Afghanisatan

Photo credit: Flickr user Ricymar Photography

War has a devastating effect on wealth creation as it decimates a country's capacity for productivity. It creates instability and insecurity, both of which prevent wealth-creating investments from being made. This is why one of the poorest nations in the world, Afghanistan, is still sitting on $1 trillion in natural resource riches.

Three decades of war yield nothing but poverty
Based on gross domestic product and adjusted for purchasing power parity, Afghanistan is the 10th-poorest nation in the world. In 2013, the average citizen of Afghanistan added just $1,072.19 to the economy. For perspective, that figure in the United States was $51,248.21. This is why Afghanistan's gross domestic product is only about $20 billion annually, which is less money than some U.S. companies make in a year.

This is despite the fact that Afghanistan has twice the natural mineral wealth of the U.S. and rivals Canada as a top-five holder of such assets. The problem has always been that the war-torn country has never been stable enough for safe investments to unearth these minerals. That could be about to change, as Afghanistan is finally starting to stabilize to the point that mining investments can be made.

Open Pit Mine

Photo credit: Flickr user neelaka

Digging into Afghanistan's riches
According to studies from the U.S. Geological Survey, Afghanistan may hold as much as 60 million tons of copper, 2.2 billon tons of iron ore, and 1.4 million tons of rare earth elements, as well as aluminum, gold, silver, zinc, and lithium. Overall, at least two dozen potential world-class mineral deposits have been identified.

Of particular interest are rare earth elements, which are valuable for the defense industry and clean energy. Afghanistan is thought to be rich in lanthanum and neodymium, elements that are now largely supplied by China.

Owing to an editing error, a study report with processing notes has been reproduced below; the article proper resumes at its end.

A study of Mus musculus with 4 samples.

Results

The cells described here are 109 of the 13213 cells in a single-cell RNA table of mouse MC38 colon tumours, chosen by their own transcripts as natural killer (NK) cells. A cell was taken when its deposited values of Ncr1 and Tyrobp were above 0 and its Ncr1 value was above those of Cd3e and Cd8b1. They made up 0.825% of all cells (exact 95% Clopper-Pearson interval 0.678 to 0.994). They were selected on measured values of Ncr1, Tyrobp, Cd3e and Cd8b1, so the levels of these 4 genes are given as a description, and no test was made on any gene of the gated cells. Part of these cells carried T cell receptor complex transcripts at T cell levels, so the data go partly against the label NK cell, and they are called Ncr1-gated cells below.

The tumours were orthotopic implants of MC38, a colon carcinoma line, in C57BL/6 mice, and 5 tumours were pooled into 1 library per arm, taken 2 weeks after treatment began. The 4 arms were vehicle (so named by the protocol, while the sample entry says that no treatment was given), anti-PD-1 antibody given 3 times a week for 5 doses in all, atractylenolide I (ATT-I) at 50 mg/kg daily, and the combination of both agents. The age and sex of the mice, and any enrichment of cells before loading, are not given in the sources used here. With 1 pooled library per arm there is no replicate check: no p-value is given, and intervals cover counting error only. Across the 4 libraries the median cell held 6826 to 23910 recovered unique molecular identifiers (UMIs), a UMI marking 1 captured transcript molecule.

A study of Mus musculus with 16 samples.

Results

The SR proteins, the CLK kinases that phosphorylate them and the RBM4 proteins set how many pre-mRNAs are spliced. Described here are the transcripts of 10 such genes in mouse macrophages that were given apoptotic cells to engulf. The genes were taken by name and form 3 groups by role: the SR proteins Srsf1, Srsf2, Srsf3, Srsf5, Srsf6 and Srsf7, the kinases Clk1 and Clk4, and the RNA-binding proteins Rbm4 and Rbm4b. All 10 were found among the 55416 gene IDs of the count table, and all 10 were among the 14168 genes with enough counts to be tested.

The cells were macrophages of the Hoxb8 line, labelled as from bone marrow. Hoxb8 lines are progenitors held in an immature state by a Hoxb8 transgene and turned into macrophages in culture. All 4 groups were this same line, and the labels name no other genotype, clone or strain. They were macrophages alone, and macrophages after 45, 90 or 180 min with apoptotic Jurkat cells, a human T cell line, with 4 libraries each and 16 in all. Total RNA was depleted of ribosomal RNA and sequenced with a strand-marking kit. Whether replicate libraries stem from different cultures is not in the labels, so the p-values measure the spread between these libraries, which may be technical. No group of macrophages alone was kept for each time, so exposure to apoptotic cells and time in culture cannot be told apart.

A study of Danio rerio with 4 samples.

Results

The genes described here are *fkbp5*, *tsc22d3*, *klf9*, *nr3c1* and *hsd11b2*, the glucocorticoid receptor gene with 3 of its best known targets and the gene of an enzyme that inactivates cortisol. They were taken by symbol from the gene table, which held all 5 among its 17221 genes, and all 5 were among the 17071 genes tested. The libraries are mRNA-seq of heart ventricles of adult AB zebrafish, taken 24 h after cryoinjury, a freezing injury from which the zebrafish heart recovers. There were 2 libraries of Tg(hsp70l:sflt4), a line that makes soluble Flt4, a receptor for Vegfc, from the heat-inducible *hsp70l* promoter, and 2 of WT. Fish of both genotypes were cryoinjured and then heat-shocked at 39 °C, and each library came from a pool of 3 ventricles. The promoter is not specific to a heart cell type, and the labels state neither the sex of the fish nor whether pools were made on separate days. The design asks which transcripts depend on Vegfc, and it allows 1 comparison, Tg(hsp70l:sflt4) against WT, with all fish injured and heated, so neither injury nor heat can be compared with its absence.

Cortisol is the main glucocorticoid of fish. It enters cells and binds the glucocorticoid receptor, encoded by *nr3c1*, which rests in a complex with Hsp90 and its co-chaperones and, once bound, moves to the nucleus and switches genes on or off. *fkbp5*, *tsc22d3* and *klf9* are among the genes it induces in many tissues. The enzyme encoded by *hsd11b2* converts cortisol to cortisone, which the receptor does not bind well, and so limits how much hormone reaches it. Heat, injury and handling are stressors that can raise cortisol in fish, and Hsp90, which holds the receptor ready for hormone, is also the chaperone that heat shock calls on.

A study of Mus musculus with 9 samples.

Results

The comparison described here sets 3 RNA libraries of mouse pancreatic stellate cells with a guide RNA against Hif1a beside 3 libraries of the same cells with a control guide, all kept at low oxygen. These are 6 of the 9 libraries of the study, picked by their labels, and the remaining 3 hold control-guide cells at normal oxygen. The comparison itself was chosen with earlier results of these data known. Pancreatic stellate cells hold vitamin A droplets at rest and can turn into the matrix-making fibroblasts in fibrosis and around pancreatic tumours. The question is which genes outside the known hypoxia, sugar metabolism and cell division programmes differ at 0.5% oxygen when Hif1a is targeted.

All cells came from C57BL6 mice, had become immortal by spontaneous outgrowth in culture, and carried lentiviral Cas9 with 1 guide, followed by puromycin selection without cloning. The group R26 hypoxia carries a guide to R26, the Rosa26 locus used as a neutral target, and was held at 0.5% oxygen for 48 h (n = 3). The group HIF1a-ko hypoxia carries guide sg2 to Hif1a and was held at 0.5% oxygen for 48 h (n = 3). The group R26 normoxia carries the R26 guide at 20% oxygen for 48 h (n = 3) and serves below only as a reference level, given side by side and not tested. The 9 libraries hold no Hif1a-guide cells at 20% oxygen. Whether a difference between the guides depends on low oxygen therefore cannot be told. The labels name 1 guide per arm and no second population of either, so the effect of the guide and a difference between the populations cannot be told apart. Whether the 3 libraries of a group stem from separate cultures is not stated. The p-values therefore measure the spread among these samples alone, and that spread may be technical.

Rare Earth Elements

Photo credit: Wikimedia Commons/ Peggy Greb, U.S. Department of Agriculture.


In fact, U.S. government has been looking for ways to reduce the nation's dependence on China for rare-earth elements, which are are critical components used in Tomahawk cruise missiles, smart bombs, missile guidance systems, and night-vision technology. In addition, rare earth minerals are vital to clean energy technology. For example, Toyota (NYSE:TM) each year uses 7,500 tons of lanthanum, which is important for hybrid-vehicle automotive batteries, and 1,000 tons of neodymium to build its Prius.

With security comes investment
While questions about security in Afghanistan remain, the country is slowly beginning to entice investors to help it unlock its mineral riches. The country signed a 30-year, $3 billion contract with a Chinese mining company to help it develop a large copper deposit. It has also awarded mining rights to what is believed to be the nation's biggest iron ore deposit to a group of Indian companies. The deal could be worth up to $10.8 billion, but it is on shaky ground due to increased fighting in the province in which the ore deposit is located. The consortium has been looking to renegotiate its deal.

Investor takeaway
Security concerns mean there is no guarantee that Afghanistan will ever realize the riches buried underneath the ground. However, the nation has the opportunity to become a major player in the global mining market, especially for rare earth elements critical to clean energy and other sectors, giving the world a supplier other than China. Development of this massive potential is worth investors' attention

Matt DiLallo has no position in any stocks mentioned. The Motley Fool has no position in any of the stocks mentioned. Try any of our Foolish newsletter services free for 30 days. We Fools may not all hold the same opinions, but we all believe that considering a diverse range of insights makes us better investors. The Motley Fool has a disclosure policy.